Pathways to Progress in Educational Equity

In the Metro Denver area and across the state, there are significant and persistent differences in the quality of education students receive and the levels of achievement they attain. These disparities most negatively impact low-income students and students of color.

Rose Community Foundation believes in providing a convening space for disparate groups to work with shared purpose toward common goals in public education. In this spirit, on October 23rd, at Kepner Beacon Middle School in Denver, the Foundation hosted the Pathways of Public Innovation Status: Successes and Challenges of Public Innovation School Models convening. The convening brought together educators, community members, and policymakers for a half-day of shared learning about the most effective uses of a governance vehicle called innovation status, which gives public schools flexibility in how they use time, talent, and treasure to drive better outcomes for students.

Whether it is by sharing specific, school-level innovations or expanding the use of successful governance models, a community of practice has organically emerged among innovation school leaders in the Denver area. Participants heard about how leaders are using innovation status to take schools from bad to good or from good to great. In addition, they had the opportunity to weigh in on the kinds of things they would like to see more of in future research into the effectiveness of these school models.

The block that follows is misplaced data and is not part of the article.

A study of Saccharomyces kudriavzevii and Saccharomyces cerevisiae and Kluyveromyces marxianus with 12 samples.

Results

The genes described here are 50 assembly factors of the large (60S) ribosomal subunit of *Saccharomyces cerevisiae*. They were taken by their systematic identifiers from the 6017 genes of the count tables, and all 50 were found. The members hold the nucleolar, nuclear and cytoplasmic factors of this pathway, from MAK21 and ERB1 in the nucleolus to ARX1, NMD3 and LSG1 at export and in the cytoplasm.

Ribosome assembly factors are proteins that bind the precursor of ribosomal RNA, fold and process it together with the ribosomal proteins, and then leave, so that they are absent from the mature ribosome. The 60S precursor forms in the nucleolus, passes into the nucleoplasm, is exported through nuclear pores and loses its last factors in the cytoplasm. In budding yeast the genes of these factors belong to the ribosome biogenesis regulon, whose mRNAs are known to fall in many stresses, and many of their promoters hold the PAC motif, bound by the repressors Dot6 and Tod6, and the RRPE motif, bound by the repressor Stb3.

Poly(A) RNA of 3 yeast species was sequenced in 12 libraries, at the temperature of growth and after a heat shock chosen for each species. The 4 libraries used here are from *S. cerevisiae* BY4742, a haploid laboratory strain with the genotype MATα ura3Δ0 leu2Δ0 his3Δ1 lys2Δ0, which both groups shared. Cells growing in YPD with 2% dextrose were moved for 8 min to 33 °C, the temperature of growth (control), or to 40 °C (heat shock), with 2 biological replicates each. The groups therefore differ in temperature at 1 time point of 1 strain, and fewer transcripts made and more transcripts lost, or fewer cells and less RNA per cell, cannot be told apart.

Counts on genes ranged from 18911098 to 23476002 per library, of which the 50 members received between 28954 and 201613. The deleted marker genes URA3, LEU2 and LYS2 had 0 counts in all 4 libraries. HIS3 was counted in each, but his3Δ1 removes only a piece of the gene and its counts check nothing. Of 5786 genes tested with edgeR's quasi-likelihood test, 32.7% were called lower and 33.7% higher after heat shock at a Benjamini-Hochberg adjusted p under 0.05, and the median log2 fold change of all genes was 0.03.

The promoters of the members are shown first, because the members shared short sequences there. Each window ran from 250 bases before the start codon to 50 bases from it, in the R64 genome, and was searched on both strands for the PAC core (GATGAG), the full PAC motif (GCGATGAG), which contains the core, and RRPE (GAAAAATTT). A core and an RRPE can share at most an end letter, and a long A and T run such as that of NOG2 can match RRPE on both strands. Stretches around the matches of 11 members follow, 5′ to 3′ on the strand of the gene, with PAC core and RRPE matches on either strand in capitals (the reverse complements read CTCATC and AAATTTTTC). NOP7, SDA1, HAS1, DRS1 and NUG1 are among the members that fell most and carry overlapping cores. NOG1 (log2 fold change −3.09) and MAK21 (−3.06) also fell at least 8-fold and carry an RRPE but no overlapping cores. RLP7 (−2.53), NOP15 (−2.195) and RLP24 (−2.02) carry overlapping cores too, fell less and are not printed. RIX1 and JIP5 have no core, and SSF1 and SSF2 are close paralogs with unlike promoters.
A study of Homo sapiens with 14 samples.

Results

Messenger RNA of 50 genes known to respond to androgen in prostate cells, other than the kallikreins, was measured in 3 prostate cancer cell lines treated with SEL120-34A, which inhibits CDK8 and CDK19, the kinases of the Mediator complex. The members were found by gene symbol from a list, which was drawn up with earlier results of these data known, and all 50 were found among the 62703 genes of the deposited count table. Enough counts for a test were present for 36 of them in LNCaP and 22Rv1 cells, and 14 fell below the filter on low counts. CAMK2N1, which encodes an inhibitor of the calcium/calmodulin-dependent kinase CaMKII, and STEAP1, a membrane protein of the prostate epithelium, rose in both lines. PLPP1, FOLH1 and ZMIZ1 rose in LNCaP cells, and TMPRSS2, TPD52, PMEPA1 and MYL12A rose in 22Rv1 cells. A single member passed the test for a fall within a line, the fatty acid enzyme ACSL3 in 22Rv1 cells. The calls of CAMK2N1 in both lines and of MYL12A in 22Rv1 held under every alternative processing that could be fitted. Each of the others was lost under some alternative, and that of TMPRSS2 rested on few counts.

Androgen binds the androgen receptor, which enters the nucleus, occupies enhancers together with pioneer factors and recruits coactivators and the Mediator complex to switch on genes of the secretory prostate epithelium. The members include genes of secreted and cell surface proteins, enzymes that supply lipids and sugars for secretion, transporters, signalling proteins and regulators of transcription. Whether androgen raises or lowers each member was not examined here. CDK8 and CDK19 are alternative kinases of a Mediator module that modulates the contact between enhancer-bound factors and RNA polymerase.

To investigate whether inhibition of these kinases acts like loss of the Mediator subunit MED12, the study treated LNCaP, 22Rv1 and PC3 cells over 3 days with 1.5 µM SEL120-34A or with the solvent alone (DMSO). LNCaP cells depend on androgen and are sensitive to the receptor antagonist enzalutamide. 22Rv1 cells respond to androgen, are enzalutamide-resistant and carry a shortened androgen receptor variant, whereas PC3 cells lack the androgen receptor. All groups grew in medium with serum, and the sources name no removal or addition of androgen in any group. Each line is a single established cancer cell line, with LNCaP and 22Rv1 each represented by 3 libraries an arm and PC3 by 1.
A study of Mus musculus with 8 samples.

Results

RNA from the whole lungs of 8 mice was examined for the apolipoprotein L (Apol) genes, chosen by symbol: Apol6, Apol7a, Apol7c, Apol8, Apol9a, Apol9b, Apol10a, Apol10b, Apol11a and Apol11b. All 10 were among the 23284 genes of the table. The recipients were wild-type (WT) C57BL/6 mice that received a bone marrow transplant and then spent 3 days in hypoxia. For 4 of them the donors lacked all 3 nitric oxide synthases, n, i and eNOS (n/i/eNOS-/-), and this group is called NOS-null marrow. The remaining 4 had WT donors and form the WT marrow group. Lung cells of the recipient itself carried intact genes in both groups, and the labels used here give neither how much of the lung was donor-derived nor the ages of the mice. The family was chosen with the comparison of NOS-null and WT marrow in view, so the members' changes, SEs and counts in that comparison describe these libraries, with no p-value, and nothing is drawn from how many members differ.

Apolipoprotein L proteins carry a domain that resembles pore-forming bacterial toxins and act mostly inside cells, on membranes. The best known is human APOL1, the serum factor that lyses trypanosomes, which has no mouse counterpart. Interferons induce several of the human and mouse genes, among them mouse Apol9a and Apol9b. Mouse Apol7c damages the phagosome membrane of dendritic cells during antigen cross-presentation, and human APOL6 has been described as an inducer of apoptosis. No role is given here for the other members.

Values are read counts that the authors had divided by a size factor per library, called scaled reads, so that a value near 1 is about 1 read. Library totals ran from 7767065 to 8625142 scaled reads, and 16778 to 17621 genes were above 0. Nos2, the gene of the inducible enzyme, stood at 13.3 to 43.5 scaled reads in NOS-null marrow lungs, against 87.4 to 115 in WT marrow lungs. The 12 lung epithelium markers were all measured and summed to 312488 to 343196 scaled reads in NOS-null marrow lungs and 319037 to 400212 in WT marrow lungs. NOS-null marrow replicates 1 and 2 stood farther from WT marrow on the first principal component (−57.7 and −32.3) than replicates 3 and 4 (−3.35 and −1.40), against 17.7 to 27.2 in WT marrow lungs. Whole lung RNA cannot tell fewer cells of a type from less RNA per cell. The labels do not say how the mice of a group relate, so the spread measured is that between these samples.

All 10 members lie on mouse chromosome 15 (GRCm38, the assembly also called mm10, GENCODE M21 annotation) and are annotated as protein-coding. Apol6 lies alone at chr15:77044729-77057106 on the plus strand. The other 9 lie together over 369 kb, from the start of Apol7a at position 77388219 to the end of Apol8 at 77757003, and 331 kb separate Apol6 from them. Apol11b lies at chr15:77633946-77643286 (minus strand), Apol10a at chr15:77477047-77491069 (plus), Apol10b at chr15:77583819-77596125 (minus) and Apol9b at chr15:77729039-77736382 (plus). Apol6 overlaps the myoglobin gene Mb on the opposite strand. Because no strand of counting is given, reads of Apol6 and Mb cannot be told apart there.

As the prevalence of innovation schools continues to grow in districts beyond Denver Public Schools, our understanding of the most impactful strategies and models will mature. Discussions about the ways in which program alignment is required to drive both positive student outcomes and financial viability are already taking place. Data on schools that are replicating their models or that are located in Innovation Zones is starting to reveal promising gains. Even though much has yet to be discovered about the potential of innovation schools, it is clear that they are already being used as vehicles to create agency, ownership and opportunity for educators to bring their best selves to the task of serving the students who need them most. As districts look to provide options that give leaders space and make schools more responsive to student, family and community needs, innovation schools ought to be placed prominently on the menu. Learn more by reading the report here.